Updated: September 9, 2015
First of all, the title of this article promises a lot. So let's narrow it down and align expectations. The starting point is you've used VirtualBox before, and had Guest Additions installed in your Linux virtual machines. Now, for some reason, the VirtualBox service no longer runs in your guest operating systems. If you try to install the modules again, you get a weird failure, which points to either a bad kernel configuration, missing sources and headers, and similar problems. The things, none of these make sense.
You have the right kernel sources and headers, but for some reason, VirtualBox is not seeing them, and therefore, the compilation of the main kernel module is failing, which in turn is affecting the way your virtual machines are working. Moreover, this seems to happen almost randomly, and it sometimes comes to bear after kernel updates. With all this in mind and more, we will now attempt to solve the problem using some neat and simple tricks.
Problem at hand
Let's demonstrate with a CentOS virtual machine. You have all the necessary build tools, and we've done this exercise many times before, including when we tried to setup the Nvidia drivers for this operating system. The same drill applies here. But even if you're running other distros, again, the process for obtaining the right tools and software to be able to compile is very similar. Once you get the hang of it, it's easy peasy. However, while building the modules (<mount>/VBoxLinuxAdditions.run), the command fails:
Building the VirtualBox Guest Additions kernel modules
The headers for the current running kernel were not found. If
the following module compilation fails then this could be the
reason. The missing package can be probably installed with
yum install kernel-devel-...
Building the main Guest Additions module [FAILED]
(Look at /var/log/vboxadd-install.log to find out what went wrong)
But if you try to install the supposedly missing package:
Package kernel-devel-... already installed and latest version
Nothing to do
We must consult the logs, and this is a great troubleshooting exercise, which should help you hone your Linux problem solving skills, the ultimate mission here on Dedoimedo. Open the log file, and glimpse inside. You should start bottom to top, with the last error and try to figure out what happened. One of the more notable errors will be:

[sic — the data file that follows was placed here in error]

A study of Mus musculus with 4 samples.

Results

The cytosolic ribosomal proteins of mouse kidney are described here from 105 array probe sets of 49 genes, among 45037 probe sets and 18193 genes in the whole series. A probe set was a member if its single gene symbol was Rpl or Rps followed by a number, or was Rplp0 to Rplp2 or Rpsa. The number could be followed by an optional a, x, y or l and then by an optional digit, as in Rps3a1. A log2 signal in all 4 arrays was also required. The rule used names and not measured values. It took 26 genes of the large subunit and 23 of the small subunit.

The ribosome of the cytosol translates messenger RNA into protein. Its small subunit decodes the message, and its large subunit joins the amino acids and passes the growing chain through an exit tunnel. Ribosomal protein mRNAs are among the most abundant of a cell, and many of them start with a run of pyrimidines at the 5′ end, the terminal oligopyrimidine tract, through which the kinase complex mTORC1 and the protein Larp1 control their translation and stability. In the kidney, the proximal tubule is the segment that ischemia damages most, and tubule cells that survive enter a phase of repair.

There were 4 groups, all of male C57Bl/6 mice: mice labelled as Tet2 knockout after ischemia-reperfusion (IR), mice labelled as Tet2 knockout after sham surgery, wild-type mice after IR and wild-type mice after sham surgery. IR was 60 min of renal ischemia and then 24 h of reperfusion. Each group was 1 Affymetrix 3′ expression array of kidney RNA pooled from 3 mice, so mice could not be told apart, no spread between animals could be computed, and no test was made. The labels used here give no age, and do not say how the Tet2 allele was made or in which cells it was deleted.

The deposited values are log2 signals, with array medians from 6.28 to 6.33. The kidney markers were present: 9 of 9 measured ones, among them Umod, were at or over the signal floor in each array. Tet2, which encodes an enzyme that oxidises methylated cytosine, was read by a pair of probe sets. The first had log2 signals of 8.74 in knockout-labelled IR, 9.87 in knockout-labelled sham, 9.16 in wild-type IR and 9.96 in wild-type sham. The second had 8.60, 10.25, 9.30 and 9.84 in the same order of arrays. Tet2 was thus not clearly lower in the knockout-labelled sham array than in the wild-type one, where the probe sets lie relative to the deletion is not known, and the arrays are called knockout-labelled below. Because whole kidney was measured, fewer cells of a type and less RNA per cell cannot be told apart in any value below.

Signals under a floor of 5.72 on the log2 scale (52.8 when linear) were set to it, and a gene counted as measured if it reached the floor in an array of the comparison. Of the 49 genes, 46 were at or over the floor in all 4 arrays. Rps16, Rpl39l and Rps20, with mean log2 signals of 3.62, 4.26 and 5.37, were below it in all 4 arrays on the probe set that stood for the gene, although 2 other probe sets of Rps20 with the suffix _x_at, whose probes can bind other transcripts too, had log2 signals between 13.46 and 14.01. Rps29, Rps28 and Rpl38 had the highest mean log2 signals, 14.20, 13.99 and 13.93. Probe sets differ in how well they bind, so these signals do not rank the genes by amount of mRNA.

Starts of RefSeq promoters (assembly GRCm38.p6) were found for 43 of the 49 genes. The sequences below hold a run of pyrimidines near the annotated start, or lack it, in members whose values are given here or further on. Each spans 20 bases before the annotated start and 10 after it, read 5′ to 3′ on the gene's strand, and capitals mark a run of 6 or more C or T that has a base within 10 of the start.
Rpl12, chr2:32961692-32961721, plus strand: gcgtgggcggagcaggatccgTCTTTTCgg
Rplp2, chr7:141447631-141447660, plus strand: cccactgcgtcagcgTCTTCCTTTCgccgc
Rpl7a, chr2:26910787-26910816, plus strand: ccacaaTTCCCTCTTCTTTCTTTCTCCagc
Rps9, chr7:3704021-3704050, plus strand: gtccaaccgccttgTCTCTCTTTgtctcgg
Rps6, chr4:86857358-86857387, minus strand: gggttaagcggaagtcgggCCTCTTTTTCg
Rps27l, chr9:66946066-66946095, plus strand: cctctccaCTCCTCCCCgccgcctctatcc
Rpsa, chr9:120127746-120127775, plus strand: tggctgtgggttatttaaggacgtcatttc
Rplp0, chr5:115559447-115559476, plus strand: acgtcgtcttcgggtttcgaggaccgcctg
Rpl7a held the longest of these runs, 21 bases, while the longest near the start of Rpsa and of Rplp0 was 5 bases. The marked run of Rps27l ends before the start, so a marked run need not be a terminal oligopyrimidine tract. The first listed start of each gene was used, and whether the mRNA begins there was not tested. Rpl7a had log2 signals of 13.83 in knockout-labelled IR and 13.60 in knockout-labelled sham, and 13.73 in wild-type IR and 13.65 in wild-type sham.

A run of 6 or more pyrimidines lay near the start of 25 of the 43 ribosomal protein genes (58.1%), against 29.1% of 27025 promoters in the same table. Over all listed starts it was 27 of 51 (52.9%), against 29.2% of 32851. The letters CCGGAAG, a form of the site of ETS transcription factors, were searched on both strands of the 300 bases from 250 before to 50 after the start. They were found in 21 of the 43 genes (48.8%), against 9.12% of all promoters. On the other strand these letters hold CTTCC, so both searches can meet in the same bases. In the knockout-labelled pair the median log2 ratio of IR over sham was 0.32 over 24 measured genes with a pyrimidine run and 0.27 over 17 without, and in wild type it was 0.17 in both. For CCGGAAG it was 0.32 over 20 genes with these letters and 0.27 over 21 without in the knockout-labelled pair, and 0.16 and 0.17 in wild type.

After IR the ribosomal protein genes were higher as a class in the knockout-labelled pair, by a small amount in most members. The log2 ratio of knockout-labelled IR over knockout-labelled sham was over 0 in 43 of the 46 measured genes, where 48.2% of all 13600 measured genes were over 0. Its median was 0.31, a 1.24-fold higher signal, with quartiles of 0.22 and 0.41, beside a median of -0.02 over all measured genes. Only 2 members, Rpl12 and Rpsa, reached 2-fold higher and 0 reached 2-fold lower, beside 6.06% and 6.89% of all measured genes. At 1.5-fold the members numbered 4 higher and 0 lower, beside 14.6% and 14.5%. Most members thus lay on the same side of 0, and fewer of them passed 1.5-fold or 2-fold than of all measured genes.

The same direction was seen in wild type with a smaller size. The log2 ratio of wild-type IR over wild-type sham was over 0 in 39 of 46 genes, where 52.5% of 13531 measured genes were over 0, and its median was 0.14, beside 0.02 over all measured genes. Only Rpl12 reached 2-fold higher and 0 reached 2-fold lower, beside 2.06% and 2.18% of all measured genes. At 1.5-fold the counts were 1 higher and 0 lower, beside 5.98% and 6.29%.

Error: unable to find the sources of your current Linux kernel. Specify KERN_DIR=<directory> and run Make again. Stop.
Interesting. Seems like VirtualBox really does not see our kernel sources. Let's fix then, and then run the command again to see whether we've fixed the problem we're facing.
export KERN_DIR=/usr/src/kernels/`uname -r`Still, no good. We need to look for a different error. Indeed, going back to the installation problem, the script complained about headers rather than sources. Which means that our issue most likely lies elsewhere. And browsing through the logs once more, with some extra insight. One of the lines - ignore the specific kernel version, it's not important.
linux/version.h: No such file or directory
This seems like a weird bug almost, because we know that we have the headers in place, as the yum command returns. If we manually cd into the /lib/modules directory for the running kernel, we can see that we're actually facing a broken symbolic link.
The build link points to a relative path, which is never a good idea, and thus, VirtualBox is unable to find the expected software. We will fix this by using an absolute path, and thus avoid the issue altogether.
cd /lib/modules/`uname -r`/
ln -sf /usr/src/kernels/3.10.63-11.el7.x86_64 build
Now, the symbolic links has been fixed:
And we can merrily compile:
We've reached the end of our tutorial, that little wiser, smarter, more relaxed, happier. These kind of problems can really drive people insane, because there are dozens of false positive symptoms that could cause similar errors. But if we exclude the build issues, recall that this used to work fine, then we can forget about VirtualBox vs. kernel incompatibility, and look somewhere else.
In our case, a badly implemented symbolic link is the source [sic] of all our problems. The reason for that, I'm not sure, or why it changed, but some of the installed packages may have changed it, or something in the system decided to misbehave. The important bit is that we understand the work flow, and we can trace it back, and fix the issue. Awesome right? Well, that makes our guide complete. Enjoy.